Is the Economy Slowing? Realistic Interest Benchmark Forecasts May Signal the Beginning of a Reset

Daniel Hawley |

The end of "hope" may be a net positive when it comes to market expectations in a bear market. Up until recently the markets have been relying on a constant drip of an illusory - any moment now - "Fed Turnabout Cocktail". Each time the Federal Reserve disappoints with renewed commitment to its hawkish policy, the markets pout. Volatility is the inevitable result with almost daily commentary about the latest thoughts of the members of the Federal Reserve and upcoming economic indicators.

The markets have now - at last - factored in benchmark rates of between 4.9-5.4% which is closer to what the Federal Reserve has indicated as potentially possible. While markets and media talk about a pending recession in lock step with Federal Reserve policy, some argue that we are already in a recession. The markets are now factoring in or discounting the future on a more realistic basis which means a greater acceptance of what is likely and less hopeful about any imminent Federal Reserve policy turnabout. 

Federal reserve actions are slow to filter into the economy but as we mentioned in our previous article, there are signs of demand slowing appearing in the economy. Container prices which are seen as a more current indicator of economic demand have dropped from sky high prices of around $20,000 during the peak COVID era to the low $2-3,000 range today. Job openings are down substantially. Residential real estate prices are falling. Commodity prices from lumber to copper are down from their recent highs. If it takes 260 hours for the world's largest supertankers to turn around, how much time does it take for the worlds largest economy?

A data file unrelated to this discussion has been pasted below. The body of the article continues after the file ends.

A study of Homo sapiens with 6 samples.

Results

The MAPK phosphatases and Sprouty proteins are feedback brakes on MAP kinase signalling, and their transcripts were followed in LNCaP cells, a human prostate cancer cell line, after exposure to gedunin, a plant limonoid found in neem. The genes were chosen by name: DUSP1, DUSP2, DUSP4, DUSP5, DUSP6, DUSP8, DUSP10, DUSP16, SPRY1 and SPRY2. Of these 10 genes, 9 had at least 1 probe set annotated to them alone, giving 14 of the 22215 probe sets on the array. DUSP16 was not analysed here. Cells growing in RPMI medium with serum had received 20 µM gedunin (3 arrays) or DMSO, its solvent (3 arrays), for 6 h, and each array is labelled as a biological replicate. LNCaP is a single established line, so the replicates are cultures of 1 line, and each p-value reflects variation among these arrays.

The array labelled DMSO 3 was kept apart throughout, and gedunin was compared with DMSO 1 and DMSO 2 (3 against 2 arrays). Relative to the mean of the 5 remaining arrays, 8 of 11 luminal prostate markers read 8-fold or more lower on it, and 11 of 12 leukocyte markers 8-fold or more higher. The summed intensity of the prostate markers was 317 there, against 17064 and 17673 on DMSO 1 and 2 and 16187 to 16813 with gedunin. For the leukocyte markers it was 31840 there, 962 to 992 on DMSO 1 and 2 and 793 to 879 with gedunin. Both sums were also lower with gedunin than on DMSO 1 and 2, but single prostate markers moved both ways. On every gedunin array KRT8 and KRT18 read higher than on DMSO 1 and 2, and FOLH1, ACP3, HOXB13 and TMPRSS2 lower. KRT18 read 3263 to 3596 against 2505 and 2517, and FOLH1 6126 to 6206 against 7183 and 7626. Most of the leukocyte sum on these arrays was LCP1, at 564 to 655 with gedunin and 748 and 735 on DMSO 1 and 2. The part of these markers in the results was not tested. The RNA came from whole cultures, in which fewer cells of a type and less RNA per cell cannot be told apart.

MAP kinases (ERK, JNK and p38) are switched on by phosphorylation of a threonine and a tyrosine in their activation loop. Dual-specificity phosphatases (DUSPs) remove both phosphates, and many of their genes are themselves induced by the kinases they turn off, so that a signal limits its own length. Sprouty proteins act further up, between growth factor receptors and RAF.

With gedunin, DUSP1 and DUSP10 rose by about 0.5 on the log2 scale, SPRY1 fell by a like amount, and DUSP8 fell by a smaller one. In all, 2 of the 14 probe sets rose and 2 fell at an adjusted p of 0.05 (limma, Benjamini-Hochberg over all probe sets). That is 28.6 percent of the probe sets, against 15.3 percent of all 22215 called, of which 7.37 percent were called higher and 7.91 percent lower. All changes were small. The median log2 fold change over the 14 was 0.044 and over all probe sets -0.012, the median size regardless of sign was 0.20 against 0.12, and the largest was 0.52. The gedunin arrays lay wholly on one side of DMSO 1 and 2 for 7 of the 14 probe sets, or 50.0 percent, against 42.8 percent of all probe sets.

As consumer demand slows, retailers will be forced to mark down prices and so the opposite cycle to the last two years may appear. Inventory at major retailers is up - especially in apparell - to record recent highs which means "clearance sales" are on the horizon.

Consumers are registering the economic zeitgeist and are bracing for more economic pain and putting off plans as interest rates and the cost of borrowing rise in tandem.

As market pundits look for a bottom, no one knows when exactly that will happen or if it has already happened. Bear markets are typically closer to an end when consumers have given up and thrown in the towel. Interestingly, the S&P 500 dropped 2% recently and then rallied to end up 3% higher, all in one day. A 5% intra-day swing is rare in a bear market. It has only happened 20 times in the last 50 years.

The first signs of data indicating inflation and growth are slowing will mark the beginning of a new cycle. Until that trend is firmly in place across multiple indicators, the Federal Reserve is unlikely to stray from its stated course. One reality-check that the Federal Reserve does have today, unlike in times past, is the sheer magnitude of government debt and the size of interest payments it must make. Given the sizeable amount of short term debt, this reality-check is a hard stop on how high rates can go. The Federal Reserve has a great deal of incentive and urgency to act swiftly and demonstrably without yielding, to curb inflation as quickly as possible. As inflation numbers and economic growth decline, the Federal Reserve must assess the macro implications of sustained higher rates.

The timeframe for all this to play out is unknown. It is playing out however and the impact is being felt. What type of downturn or recession will this be? No one knows at this juncture.

Markets are discounting mechanisms so they operate in a different timeframe than the economy. As reality on rate forecasts has set in, that discounting mechanism will become more efficient.